By Melissa J. Johnson, PH.D.
Founder & CEO
As an organization dedicated to empowering girls, their families and their circles of community, we have been thinking deeply about our role in empowering gender non-conforming, non-binary and trans youth. Coinciding with our own deep reflections, we find that parents, teens and young adults are asking more frequently about services for youth who may be questioning or who may not identify with their gender assigned at birth. We thought it would be helpful to share about our approach to working with gender diversity. This spectrum of gender diversity includes but is not limited to gender non-conforming, transgender, non-binary and gender-questioning youth. We describe our practice here at the Institute as trans affirmative. We are committed to providing culturally competent, developmentally appropriate, respectful, aware therapy to gender non-conforming, transgender and non-binary youth and their families. Our approach is individualized, interdisciplinary, and collaborative.
- Individualized: we seek to understand the unique lived experience of each of our clients and their families.
- Interdisciplinary: we are committed to incorporating into our work an understanding of biological, psychological and social factors that influence our client’s lives.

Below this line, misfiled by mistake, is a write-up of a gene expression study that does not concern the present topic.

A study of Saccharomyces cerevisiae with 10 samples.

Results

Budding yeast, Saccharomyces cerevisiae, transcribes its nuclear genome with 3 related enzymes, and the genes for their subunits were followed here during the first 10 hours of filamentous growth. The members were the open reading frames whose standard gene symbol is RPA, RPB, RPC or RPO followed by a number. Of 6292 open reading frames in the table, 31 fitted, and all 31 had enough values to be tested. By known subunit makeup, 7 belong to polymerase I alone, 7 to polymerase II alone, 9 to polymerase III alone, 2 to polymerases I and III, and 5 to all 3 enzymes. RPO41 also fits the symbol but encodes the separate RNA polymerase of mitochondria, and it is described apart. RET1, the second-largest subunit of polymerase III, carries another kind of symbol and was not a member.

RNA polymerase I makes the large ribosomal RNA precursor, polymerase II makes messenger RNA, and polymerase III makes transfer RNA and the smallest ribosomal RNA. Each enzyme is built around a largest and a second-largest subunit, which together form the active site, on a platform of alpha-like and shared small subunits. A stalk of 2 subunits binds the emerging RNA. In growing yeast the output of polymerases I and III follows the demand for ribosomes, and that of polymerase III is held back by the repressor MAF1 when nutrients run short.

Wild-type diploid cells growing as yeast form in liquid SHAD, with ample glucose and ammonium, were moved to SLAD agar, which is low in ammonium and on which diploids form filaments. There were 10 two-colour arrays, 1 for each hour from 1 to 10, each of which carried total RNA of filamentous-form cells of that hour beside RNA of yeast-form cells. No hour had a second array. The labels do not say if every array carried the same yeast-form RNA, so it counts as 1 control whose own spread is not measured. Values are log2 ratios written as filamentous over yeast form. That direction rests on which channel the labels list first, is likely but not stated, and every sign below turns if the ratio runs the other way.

- Collaborative: with the client’s and client’s family’s permission, we are dedicated to working with other professionals who are involved in supporting youth and families. Communication, cooperation and collaboration are especially important in light of the complex emotional, social and medical paths to navigate, not to mention discrimination and stigma.
We have several therapists on our team with a specialized interest in working with children, teens, young adults and families in which a member identifies as transgender, non-binary or gender non-conforming. We have also spent time cultivating relationships with other professionals who specialize in this area. This allows us to help non-binary and trans youth and their families build a team of support and knowledge for the complex journey they are navigating. These additional resources also help us as we walk alongside individuals seeking to authentically articulate and live out their gender identity and gender expression. At one of our recent clinical team meetings, we spent some time diving deep regarding gender and gender identity. We discussed the gender identity statement we’ve included here and that you’ve just read. One team member asked wisely, can we add to our gender identity statement that we are still learning? YES! We will always still be learning. And as we learn, we will continue to share resources with you, our community. See below for an article and resources from two of our therapists, Mary Schultz and Rebecca Turner: What is Gender Identity Anyway? You can also learn about Rainbow Grit, our group for LGBTQIA youth, facilitated by Kara Johnson, LMFT.